WASHINGTON—After consultations with the Canadian government, the United States has determined that trade in non-alloyed, unwrought aluminum is likely to normalize in the last 4 months of 2020, with imports declining sharply from the surges experienced earlier in the year.  

Average monthly imports are expected to decline 50% from the monthly average in the period of January through July. Accordingly, the U.S. will modify the terms of the 10% tariff imposed in August on imports of Canadian non-alloyed unwrought aluminum. 

The U.S. expects that shipments of non-alloyed, unwrought aluminum from Canada for the remainder of 2020 will be no greater than the following monthly volumes:






83,000 tons







70,000 tons







83,000 tons







70,000 tons



Based on these expectations, the U.S. will resume duty-free treatment of non-alloyed, unwrought aluminum retroactive to September 1. Six weeks after the end of any month during this period, the United States will determine whether actual shipments met expectations.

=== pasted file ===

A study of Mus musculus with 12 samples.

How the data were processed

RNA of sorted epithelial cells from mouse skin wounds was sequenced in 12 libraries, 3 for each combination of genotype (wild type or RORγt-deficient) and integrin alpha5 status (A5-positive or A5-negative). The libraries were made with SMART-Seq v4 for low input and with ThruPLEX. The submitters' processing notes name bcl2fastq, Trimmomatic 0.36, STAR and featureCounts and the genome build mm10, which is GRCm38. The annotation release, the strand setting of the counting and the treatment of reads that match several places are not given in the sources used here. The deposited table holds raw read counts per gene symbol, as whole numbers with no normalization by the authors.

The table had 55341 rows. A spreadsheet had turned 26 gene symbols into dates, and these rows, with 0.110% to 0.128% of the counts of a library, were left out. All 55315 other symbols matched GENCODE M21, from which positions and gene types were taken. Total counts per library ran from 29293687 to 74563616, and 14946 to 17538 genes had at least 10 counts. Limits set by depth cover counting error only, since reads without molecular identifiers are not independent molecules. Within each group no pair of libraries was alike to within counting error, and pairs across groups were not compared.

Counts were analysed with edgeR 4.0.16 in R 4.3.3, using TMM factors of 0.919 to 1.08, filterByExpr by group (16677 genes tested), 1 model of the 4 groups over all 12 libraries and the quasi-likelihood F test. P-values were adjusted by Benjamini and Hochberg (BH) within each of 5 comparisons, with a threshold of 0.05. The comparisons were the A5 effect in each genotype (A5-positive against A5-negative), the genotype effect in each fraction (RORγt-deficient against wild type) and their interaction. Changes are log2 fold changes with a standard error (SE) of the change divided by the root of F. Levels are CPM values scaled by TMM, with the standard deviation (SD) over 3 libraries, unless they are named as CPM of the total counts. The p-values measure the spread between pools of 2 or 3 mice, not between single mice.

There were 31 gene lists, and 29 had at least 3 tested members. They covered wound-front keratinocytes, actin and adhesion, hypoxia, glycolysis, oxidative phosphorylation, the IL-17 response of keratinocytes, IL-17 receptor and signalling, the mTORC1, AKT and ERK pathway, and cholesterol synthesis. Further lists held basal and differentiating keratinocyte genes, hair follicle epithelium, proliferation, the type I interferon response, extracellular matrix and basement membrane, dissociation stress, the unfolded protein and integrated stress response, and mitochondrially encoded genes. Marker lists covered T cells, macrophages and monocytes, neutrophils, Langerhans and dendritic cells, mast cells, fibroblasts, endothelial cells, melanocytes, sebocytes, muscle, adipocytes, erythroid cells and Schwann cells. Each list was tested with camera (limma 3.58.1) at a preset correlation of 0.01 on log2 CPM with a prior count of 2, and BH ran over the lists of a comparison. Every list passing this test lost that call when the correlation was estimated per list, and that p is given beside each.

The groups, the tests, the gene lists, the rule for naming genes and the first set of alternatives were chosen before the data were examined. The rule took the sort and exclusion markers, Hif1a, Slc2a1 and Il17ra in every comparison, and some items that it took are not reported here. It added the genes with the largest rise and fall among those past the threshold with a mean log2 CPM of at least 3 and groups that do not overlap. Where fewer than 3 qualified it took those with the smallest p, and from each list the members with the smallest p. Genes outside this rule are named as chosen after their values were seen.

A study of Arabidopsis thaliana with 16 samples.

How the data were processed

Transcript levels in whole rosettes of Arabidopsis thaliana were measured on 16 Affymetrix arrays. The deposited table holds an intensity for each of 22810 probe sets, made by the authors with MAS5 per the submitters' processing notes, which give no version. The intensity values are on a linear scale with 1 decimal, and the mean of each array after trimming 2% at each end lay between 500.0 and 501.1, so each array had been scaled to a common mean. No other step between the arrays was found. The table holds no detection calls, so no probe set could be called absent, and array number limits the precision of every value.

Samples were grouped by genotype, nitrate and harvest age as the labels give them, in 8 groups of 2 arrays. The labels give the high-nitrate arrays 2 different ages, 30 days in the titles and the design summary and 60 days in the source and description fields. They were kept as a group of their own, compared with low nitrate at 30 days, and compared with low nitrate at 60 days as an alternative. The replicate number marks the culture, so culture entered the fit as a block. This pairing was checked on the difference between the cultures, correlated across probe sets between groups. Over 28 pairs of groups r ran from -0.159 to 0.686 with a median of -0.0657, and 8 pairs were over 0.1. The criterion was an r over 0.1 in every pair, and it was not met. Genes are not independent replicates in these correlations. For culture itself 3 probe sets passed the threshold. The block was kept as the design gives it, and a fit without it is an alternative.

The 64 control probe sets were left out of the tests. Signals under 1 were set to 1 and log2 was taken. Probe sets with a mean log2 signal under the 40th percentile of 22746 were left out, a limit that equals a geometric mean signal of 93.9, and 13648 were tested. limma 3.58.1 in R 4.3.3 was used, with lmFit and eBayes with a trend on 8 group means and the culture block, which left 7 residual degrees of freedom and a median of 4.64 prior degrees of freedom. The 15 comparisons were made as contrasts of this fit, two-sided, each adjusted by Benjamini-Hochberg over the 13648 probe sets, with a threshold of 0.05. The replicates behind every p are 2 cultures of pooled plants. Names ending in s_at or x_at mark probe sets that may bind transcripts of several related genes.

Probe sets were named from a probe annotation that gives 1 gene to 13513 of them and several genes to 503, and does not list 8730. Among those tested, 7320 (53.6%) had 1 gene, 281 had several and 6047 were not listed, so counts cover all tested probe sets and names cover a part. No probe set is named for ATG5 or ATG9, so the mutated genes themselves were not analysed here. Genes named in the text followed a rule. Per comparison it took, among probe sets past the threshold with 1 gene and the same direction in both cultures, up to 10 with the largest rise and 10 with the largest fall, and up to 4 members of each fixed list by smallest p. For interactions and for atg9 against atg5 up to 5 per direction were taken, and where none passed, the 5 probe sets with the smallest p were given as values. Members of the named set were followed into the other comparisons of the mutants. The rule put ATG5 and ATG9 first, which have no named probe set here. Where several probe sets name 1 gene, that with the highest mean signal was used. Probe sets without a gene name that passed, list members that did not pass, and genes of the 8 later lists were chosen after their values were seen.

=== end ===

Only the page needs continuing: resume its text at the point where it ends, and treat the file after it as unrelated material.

If actual shipments exceeded 105% of the expected volume for any month during the 4-month period, then the United States will impose the 10% tariff retroactively on all shipments made in that month. 

If shipments in any month exceed the expected volume, the U.S. expects that shipments in the next month will decline by a corresponding amount. 

In addition to the forgoing, if imports exceed 105% of the expected volume in any month the U.S. may reimpose the 10% tariff going forward.

The U.S. will consult with the Canadian government at the end of the year to review the state of the aluminum trade in light of trade patterns during the 4-month period and expected market conditions in 2021.